The Voyager spacecraft have been in the news lately, because their thirty-year journey has now taken them to something very like the edge of the Solar System. Of course, that’s something of an arbitrary boundary. It’s partly a matter of human-centered definition; and it has varied, too, because the Voyagers keep making new discoveries.Voyager 1 is beaming back data about the solar wind; it has reached a strange place, the “heliosheath,” a sort of solar bubble, described by Ed Stone, the chief project scientist, as “a sluggish, turbulent ring.”

Stone and I were on Science Friday last week with Ira Flatow. Stone explained that the fairly weak transmitter on board, at its current distance of 11 billion miles, still manages to send information earthbound at a rate of 160 bits per second, which reminded Ira of his ancient 300-baud modem.

It happens that Voyager makes a cameo appearance in The Information. That’s not because of any of its scientific discoveries but because it is carrying an outbound message—information from us (earthlings) to any faraway creatures who should chance to encounter this contraption in years to come.

The information is stored in what is called the “Golden Record.” It is a 12-inch disk, a phonograph record, not vinyl but gold-plated copper. (The record can be seen affixed to the spacecraft in the photo above.) A committee led by Carl Sagan chose sounds of the earth: greetings in fifty-five languages, the voices of whales and crickets, the tapping of a telegraph operator, and music of the West and East including the first prelude of Bach’s Well-Tempered Clavier as played by Glenn Gould.

It is worth remembering that as of 1977, the phonograph was the most popular technology in existence for the preservation of sound.

The question arises—and this is why I discuss it in The Information—assuming the alien spacefarers manage to play the disk, how much will they understand? What sort of implicit knowledge is required—what sort of shared code book? One would like to think that the Bach prelude, if not the chatter of crickets, will convey some meaning.

5 Comments

  1. Karl Berry says

    You probably know this well, but the Gould performance is of the first prelude and fugue from book II of the WTC, not the much-more-well-known book I pieces. (According to the Voyager web pages, anyway.) The choice has always puzzled me.

    (Perhaps Johnny B. Goode or the Pygmy girls’ initiation song from Zaire will go over better. :)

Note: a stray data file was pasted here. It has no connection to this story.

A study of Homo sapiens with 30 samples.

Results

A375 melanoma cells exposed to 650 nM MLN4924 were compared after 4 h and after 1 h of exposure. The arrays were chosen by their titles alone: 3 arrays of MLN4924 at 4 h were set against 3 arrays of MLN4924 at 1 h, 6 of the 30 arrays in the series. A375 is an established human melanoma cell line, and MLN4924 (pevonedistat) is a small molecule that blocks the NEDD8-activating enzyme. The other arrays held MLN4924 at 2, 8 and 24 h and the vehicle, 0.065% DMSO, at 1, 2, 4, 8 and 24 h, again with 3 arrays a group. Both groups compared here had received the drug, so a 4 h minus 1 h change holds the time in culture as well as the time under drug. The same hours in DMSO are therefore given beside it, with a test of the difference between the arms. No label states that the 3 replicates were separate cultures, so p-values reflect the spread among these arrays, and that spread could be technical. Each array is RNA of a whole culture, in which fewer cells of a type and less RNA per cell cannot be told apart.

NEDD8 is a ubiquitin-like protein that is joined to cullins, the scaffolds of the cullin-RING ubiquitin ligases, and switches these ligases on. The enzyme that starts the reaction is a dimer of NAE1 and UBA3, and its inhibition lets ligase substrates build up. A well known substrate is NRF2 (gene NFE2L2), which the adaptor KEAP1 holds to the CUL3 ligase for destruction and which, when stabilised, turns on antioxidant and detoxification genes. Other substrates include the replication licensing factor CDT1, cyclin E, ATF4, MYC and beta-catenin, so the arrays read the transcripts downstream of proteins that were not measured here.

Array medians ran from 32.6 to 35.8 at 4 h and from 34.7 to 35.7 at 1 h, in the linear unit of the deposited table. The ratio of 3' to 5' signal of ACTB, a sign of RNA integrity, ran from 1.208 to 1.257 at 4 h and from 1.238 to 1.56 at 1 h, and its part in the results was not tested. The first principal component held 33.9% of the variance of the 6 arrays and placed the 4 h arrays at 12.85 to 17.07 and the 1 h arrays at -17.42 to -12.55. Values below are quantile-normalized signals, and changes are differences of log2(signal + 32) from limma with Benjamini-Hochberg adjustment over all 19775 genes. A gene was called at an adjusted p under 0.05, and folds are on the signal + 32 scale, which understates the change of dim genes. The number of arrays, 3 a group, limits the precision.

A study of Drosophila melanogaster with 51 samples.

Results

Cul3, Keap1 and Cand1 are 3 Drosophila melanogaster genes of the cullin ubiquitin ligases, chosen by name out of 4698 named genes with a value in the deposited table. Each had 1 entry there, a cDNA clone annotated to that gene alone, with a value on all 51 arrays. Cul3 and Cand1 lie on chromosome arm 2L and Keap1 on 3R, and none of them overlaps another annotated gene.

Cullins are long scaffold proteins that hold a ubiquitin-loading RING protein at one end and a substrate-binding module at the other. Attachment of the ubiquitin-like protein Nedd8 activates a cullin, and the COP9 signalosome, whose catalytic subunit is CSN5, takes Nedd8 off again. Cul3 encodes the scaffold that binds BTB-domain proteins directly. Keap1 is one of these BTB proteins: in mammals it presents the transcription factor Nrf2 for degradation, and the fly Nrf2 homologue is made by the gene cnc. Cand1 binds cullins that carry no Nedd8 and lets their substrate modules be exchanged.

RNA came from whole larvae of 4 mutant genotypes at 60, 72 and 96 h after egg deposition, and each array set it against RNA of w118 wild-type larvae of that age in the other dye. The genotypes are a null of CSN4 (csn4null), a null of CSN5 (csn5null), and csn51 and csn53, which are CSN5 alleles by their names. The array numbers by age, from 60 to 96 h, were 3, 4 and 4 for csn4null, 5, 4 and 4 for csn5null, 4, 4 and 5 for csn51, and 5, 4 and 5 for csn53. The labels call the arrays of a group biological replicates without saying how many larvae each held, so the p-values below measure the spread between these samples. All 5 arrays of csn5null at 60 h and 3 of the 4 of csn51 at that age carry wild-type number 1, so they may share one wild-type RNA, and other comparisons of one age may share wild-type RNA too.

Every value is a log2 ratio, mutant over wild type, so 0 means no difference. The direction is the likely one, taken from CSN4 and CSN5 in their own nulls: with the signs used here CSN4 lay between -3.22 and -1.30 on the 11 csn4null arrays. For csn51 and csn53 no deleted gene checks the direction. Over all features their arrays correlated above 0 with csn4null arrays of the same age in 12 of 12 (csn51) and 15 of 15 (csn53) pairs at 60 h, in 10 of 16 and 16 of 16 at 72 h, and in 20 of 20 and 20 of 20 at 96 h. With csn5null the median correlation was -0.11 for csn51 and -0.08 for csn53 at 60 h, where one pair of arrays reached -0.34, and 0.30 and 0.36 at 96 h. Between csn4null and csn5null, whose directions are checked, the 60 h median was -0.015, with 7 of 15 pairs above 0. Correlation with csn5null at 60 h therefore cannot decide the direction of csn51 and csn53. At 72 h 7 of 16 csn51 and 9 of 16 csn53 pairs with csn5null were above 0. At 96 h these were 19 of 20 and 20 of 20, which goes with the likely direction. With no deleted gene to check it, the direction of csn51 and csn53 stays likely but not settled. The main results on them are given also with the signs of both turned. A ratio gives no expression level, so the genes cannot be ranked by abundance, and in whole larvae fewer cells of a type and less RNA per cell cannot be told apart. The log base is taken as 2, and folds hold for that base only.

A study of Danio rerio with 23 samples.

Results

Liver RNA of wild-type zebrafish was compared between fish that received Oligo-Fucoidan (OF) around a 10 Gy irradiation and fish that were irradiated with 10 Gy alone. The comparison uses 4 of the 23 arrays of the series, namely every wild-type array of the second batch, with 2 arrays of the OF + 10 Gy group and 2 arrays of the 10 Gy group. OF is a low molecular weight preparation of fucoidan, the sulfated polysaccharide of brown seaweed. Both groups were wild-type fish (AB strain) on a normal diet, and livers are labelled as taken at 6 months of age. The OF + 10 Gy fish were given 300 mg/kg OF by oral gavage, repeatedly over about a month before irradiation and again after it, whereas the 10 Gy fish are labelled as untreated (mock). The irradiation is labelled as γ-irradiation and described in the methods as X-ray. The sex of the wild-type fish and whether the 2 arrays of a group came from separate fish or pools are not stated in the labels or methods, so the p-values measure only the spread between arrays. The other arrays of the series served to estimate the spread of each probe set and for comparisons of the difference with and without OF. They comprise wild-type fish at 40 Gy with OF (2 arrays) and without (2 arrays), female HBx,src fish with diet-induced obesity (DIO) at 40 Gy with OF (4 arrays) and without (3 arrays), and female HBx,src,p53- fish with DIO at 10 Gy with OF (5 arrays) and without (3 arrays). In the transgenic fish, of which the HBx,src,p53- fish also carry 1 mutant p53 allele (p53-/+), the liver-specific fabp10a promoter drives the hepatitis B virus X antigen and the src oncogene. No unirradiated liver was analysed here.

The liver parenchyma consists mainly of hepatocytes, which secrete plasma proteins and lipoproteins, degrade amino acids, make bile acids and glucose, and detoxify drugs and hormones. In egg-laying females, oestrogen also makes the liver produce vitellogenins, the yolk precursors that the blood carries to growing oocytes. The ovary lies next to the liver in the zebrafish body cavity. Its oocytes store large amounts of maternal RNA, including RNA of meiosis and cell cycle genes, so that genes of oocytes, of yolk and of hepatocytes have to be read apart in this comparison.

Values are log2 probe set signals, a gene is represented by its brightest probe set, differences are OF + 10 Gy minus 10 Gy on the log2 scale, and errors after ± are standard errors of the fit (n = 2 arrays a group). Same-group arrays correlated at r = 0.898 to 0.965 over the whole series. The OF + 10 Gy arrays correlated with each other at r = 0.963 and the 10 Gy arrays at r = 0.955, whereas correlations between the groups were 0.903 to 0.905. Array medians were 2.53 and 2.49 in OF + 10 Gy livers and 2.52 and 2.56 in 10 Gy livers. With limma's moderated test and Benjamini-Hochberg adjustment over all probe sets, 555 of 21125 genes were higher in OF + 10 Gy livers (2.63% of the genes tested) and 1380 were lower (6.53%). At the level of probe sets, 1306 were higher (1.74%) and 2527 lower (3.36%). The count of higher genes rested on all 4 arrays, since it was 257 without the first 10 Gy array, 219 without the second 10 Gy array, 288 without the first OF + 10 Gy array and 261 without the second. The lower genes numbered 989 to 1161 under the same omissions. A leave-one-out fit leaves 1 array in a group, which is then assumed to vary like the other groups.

Thanks for all your great books.

  2. Steve Pratt says

    James: “It is worth remembering that as of 1977, the phonograph was the most popular technology in existence for the preservation of sound.”

    Just a personal observation — I was well into 8-tracks in 1970 and then cassettes by 1972 — but wasn’t the idea of including a phonograph recording because one could decode the audio by the simplest of mechanical means (a needle glued to a tin can for instance) and that the recording wouldn’t be subject to degradation due to electro-magnetic interference like tape would be?

    I’ve always been under that impression anyway.

    Cheers,
    Steve

  3. Ben Branstetter says

    I imagine, if an interstellar race is to find Voyager centuries and centuries from now, they’ll be begging to know how long ago it was sent. As they awkwardly handle the phonograph, will it be perceived as infinitely advanced or as cuneiform? It’s amazing to think that, had Sagan and NASA waited a mere 25 years, Gould’s performance would have been squeezed into a flash drive (“Universal Serial Bus”, indeed).

  4. Stephen Black says

    I read Blooms “Global Brain” after “The Information” and was struck by the thought that maybe the bacteria that we occasionally find in space are “voyagers” that contain recorded messages in an even more obvious, high fidelity medium common to all life. Maybe we carry it in our DNA today!

    On the reverse of course Voyager assumes a fairly limited and particularly anthropocentric concept of a life-form that can read, manipulate a stylus and has ears. Did we have the forethought send a vial of DNA on voyager (whos?) or will the bacteria that would be hitchhiking on voyager be of more interest?

  5. iamronen says

    to me this reiterates how fleeting experiences of importance and achievements really are … compared of course to how much attachment we usually associate with them.